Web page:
Don’t Blame Chinese Medicine for the Coronavirus: A Response to the New York Times Op-Ed

Updated: Mar 3, 2020

On February 24, The New York Times published an opinion piece, “Why Did the Coronavirus Outbreak Start in China? Let’s Talk about the Cultural Causes of This Epidemic.” Its author, Yi-Zheng Lian, blamed the recent epidemic on the scholarly Chinese medical tradition. For millennia, elite writers supposedly implanted misguided ideas about health and virility into the “Chinese collective consciousness.” Such ideas, Lian charged, have come at a high cost to global health.

The op-ed is a study in fuzzy thinking. In case you’re wondering, Lian is an American-educated economist, not an expert on Asian history or epidemiology. His grasp of the Chinese medical tradition is shaky, too. That tradition doesn’t encourage folks to consume either pangolin or civet for sexual gratification.

So what do Chinese do with wild animals like pangolin and civet? According to Lian, they purchase these animals in order to fill the energy void. “For men,” he writes, “it is most important to fill the energy void, which is related to virility and sexual prowess; for women, the stress is on replacing blood, which improves beauty and fertility.”

Curious whether Chinese medicine doctors use pangolin, I checked the standard classics of Chinese pharmacology. My search turned up no sex or skin care applications. I also consulted professional Chinese medicine healers.

Guess what? Lian is wrong. To be sure, some physicians used pangolin products up until a few decades ago, but not to improve male potency. (The ancients, incidentally, had fixes for erectile dysfunction, a real condition, and I translated some of them with Yang Yong.) Instead, they used small amounts of pangolin scales to treat serious conditions like abscesses, or female disorders like amenorrhea and problems with nursing.

So what about the dreadful civet, Lian’s choice of clickbait? Civet is the small mammal suspected of being the source of the original SARs outbreak. It’s also the fruit-eater that poops out half-digested coffee beans for Western coffee connoisseurs. You can buy the cage-free variety on Amazon for a premium.

The Chinese medicine doctors I asked drew a blank. My own search through databases turned up no formulas made with civet. Admittedly, some old books on diet mentioned the life-giving properties of the mammal. They also did the same for everyday ingredients like rice and wheat.

Instead, the Chinese have long valued the quadruped for its soft texture and jade-white flesh. The great Song-dynasty poet, gourmand, and official, Su Shi (1037-1101) was once a fan. He left a famous poem about eating the tropical mammal while in exile.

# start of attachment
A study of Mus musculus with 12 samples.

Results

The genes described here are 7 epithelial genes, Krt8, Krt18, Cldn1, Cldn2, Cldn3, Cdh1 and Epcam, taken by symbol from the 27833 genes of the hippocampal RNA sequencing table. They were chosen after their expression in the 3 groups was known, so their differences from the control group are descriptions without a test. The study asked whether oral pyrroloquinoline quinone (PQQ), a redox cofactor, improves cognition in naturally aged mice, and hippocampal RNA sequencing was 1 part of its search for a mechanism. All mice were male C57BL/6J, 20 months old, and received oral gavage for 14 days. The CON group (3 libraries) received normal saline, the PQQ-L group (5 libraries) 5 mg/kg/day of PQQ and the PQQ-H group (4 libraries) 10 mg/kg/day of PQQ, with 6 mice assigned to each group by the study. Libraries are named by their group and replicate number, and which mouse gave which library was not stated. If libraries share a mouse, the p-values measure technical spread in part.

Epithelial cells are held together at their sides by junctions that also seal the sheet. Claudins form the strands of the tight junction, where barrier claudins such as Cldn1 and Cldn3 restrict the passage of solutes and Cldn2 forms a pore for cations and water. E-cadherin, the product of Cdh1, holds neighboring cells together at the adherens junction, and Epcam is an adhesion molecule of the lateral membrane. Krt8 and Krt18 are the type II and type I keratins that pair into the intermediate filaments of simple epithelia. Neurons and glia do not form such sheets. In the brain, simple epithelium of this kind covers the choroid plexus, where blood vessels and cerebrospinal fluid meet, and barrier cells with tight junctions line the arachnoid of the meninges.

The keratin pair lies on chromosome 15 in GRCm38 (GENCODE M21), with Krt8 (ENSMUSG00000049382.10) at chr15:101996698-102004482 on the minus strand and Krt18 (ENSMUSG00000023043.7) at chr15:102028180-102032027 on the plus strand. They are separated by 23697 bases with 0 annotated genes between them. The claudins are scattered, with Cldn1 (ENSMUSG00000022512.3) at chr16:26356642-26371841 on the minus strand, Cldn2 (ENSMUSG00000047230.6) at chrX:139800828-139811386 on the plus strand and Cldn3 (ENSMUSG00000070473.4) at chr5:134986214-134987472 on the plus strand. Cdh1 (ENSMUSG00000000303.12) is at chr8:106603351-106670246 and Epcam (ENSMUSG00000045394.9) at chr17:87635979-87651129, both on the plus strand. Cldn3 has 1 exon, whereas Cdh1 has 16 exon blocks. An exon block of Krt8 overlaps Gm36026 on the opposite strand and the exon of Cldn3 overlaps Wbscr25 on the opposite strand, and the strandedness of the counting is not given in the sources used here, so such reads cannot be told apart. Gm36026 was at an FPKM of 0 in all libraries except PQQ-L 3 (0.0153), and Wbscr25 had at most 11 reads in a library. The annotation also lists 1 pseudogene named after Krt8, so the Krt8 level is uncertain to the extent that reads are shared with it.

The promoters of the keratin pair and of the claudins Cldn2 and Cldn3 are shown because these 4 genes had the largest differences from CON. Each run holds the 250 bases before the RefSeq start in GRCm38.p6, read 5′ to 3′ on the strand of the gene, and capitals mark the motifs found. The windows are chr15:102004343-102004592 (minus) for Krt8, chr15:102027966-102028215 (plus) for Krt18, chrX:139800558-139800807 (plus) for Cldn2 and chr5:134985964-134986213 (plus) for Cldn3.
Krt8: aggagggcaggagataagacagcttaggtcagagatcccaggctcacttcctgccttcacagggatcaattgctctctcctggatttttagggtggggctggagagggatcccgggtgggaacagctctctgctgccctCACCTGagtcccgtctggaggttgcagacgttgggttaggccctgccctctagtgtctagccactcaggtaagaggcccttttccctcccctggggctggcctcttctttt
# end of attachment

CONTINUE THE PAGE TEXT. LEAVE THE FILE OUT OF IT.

Su Shi was not alone in his esteem for civet. Foodies adored its meat pickled or coated in sticky rice and cooking beer, served with scallions and numbing peppercorns. Civet remained popular into the twentieth century.

There are other problems with Lian’s treatment of Chinese medicine. He has a habit of bringing everything in Chinese medicine back to sex: “virility and sexual prowess, “penises of bulls or horses,” and “erections.” Needless to say, this leaves the impression that Chinese medicine is just about men having sex. This is like claiming that the American healthcare system exists solely to sustain erections. Viagra does generate 640 million dollars a year in revenue. But our doctors also heal bones, deliver babies, and treat cancer.

Lian is also off the mark about Chinese medical philosophy. He acts as if “filling the energy void” (jinbu 進補) is the main concern. The “void” here is Lian’s rather creative – or sophomoric – rendering of the Chinese. Jinbu simply means “to take food as a supplement.” But doctors did not just supplement deficiencies in the body. They also addressed problems of excess and circulation.

At the end of the day, Lian and I can agree about some things. Wildlife consumption needs to be strictly regulated, and endangered species must be protected. And some Chinese folk remedies, such as diet tea, should be retired. Then again, a well-trained Chinese doctor knows better than to prescribe lethal amounts of mahuang (ephedra).

But I disagree with Lian about Chinese medicine. In reducing a complex healing tradition to a handful of bedroom and beauty hacks, he paints a distorted picture of an effective healthcare system used by millions around the world each year.